Can love outcome all odds?
The sky is a pale, colorless blanket, stained with clouds of rich crimson, bright against the blank grey. It provides just enough light to see by, and just enough time before dark to grab a meal.
The markets are closing, their vibrant tents folded, puddles sliced apart with rainbow streaks of grease. I see women with long, colorful skirts, carrying their purchases in leather pouches. I brush past them, my fingers flying as I take one of their assets, a brass candlestick, poking rudely out of a fringed bag. I tuck it into my coat. They pass without giving me a second glance.
I find a store, filled with vegetables and fruits. Their skin glows in the dying light.
I casually take a few unguarded apples, then a banana. I melt into the shadows, and slip away.
I find the pawnbroker’s shop, cluttered in an alley beside a few low houses. It’s windows are grimy, but I can still see through them, and the dim light that shines through the filth.
I knock on the door. The sound mingles in the air, joining with the murmur of conversation from the villagers.
Old Tim opens the door, and it creaks uncertainly. He gives me a gap-toothed smile and beckons me inside, shuffling backwards.
I show him the precious candlestick and he frowns thoughtfully. Most pawnbrokers would definitely turn me away, or report me. It is obvious that I stole the precious item, but I am one of Tim’s best customers.
‘Fifty gold.’ He wheezes, shoving the dollars into my hands.
My heart leaps, and I grin. ‘Thanks Tim.’
He shoos me away, his papery hands flapping. ‘Go home, Aurora. You’ve done good business today.’ He adds kindly.
I smile and turn to leave.
‘Be careful. Pretty girl like you shouldn’t be out on the streets at this time.’
I give him a smirk and shut the door.
‘I’m always careful.’ I say aloud to the alley rats, scurrying through the bins and nibbling on rotted food.
‘You’re late.’ Scolds James, swinging open the door.
‘I wasn’t expecting such a warm welcome.’ I retort sarcastically.
He rolls his eyes and pulls me inside. ‘Did you get anything?’
‘That’s a stupid question to ask a trained thief. I got fruit, and money. Fifty gold.’
James’s eyes shine. ‘Good work.’ He grins, punching my shoulder.
I smile and place the money on the table.
‘Dinner!’ James hollers.
Five children scramble down the stairs. I can hear their footsteps, thumping over my head.
‘I win!’ Calls Daniel, racing into the room and triumphantly claiming the best seat at the table.
‘Not fair! You pushed me!’ Wails Jackson.
Annie follows quietly behind the bickering boys, clutching her threadbare teddy bear tightly to her chest. Behind her, Ellen nibbles her fingernails, and sits down next to Jackson.
The person I’ve been wanting to see all day enters. Lizzie Anderson, my best friend and practically my sister. I don’t have any siblings, so Lizzie would probably be my closest. I know if I had to die to save one of these people, it would be Lizzie or James.
She smiles and runs to greet me, flinging her arms around my neck.
‘You survived another day. Good job.’
I take a seat at the table, and present the fruit. Daniel’s eyes gleam with greed.
‘Yum! I get the banana!’
‘You got the banana last time!’ Argues Jackson.
‘There’s a thing called sharing.’ Lizzie reminds them gently. ‘Half each. Fair?’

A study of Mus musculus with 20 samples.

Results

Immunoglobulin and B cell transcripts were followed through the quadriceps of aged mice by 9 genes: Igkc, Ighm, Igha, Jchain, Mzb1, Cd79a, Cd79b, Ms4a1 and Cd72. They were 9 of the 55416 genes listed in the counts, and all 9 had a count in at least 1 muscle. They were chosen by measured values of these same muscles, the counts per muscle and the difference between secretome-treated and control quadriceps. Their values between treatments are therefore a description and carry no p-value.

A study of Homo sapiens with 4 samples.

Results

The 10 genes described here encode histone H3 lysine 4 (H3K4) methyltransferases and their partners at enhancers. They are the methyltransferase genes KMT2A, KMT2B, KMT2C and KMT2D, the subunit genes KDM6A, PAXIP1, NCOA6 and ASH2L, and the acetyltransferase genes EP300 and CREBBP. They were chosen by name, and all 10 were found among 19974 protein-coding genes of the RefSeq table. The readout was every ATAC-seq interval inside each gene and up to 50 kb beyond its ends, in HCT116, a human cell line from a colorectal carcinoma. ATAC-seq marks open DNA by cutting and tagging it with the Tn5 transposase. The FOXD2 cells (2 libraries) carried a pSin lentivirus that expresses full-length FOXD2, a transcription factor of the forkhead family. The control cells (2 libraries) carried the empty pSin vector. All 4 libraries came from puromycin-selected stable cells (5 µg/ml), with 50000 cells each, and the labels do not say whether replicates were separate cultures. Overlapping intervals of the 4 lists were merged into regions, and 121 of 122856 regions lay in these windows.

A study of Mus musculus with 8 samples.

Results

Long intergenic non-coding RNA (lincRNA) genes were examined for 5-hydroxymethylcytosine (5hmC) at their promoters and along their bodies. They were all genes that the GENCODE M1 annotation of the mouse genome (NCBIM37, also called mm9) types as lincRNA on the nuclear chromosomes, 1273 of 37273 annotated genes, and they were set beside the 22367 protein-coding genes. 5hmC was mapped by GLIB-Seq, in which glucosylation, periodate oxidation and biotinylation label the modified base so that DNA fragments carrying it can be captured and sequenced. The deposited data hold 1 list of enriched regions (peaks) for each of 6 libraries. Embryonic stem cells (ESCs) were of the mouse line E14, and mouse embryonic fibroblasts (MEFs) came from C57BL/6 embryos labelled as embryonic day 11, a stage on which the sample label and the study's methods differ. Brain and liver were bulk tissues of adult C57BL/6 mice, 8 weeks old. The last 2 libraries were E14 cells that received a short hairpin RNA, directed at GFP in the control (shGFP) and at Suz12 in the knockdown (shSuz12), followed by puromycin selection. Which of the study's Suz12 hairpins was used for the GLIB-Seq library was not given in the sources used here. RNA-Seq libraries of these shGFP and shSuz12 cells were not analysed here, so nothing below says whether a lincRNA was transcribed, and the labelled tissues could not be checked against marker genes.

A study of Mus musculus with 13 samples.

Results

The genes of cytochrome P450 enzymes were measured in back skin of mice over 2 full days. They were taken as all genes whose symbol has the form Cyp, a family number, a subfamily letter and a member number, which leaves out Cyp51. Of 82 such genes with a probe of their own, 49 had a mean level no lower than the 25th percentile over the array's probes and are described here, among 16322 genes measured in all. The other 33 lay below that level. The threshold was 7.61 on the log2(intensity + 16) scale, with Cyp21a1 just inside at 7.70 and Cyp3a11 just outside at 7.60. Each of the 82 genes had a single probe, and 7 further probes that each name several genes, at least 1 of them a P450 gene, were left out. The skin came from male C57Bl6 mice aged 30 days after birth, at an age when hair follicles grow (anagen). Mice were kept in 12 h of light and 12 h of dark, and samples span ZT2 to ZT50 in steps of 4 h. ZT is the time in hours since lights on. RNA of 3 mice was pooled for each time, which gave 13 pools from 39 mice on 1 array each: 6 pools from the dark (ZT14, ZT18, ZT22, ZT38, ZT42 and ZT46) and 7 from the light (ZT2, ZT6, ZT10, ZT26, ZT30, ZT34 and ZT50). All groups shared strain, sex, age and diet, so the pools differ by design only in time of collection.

Daniel moans, but Jackson nods decisively. ‘Fair.’ He agrees.
James rolls his eyes. ‘I’m going to get some bread and salad. Stay here.’
Annie nods, curling a strand of her chestnut hair around her finger. She adores James, following him around everywhere. I know James has grown fond of the younger girl too, by the way he gives her secret winks and smiles, and comforts her after a nightmare.
Ellen shuffles closer to me. ‘Can I please have an apple?’ She whispers, her manners impeccable.
‘Sure.’ I pass her the rosy fruit.
She smiles, as if I’ve just given her the greatest gift in the world, and devours the apple in quick, ravenous gulps.
Lizzie sighs. ‘I’ve got some news for you, A.’
‘What news?’ Pipes up Daniel.
‘Private things. They would upset you, poppet.’ She pecks him on the cheek and Daniel smiles. I feel a rush of affection for Lizzie; most of these children don’t have a mother, but she always fills in the role, wiping away tears and plastering infectious smiles on their faces.
Dinner is hurried, and in silence. James looks thunderous and grim, and even the lively Jackson is quiet. I eat quickly, filling my empty stomach. The food disappears in seconds.
‘Aurora, we need to talk.’ James informs me. I nod, and glance at Lizzie, but she just chews her lip distractedly, staring at her food.
‘I’m bored of all this grown up stuff. I’m going to build a fort.’ Jackson smirks. ‘Girls versus boys!’
Ellen instantly looks nervous, and Annie squeezes her bear, shaking her head solemnly.
‘Go on.’ James encourages her. ‘It will be fun.’
Annie gives him a look of terror, but follows Ellen up the stairs to the room they share. Jackson and Daniel yell as they barrel through the door, and clumsily bumble up the steps. ‘Careful!’ Cries Lizzie after them.
‘What is it?’ I ask. The mood seems tense and dark, like a brewing storm cloud, ready to break.
‘You’re wanted.’ James mutters.
‘I’ve been wanted for a very long time-‘
‘Aurora, you’re the most wanted thief in the country.’
Fear explodes in my stomach, making my hands shake. I hide them under the table.
‘What do you mean?’
‘People think you’re rebellious.’
‘Why would I be rebellious? I’m just trying to survive...’
‘That’s not all.’ Lizzie says, her words filled with dread.
‘The Queen has risen to power. She knows you. She’s sending her best agents after you.’
I close my eyes and massage my temples.
‘Why me?’
James stares at me with sadness.
‘That’s the question everyone has been asking for a long time.’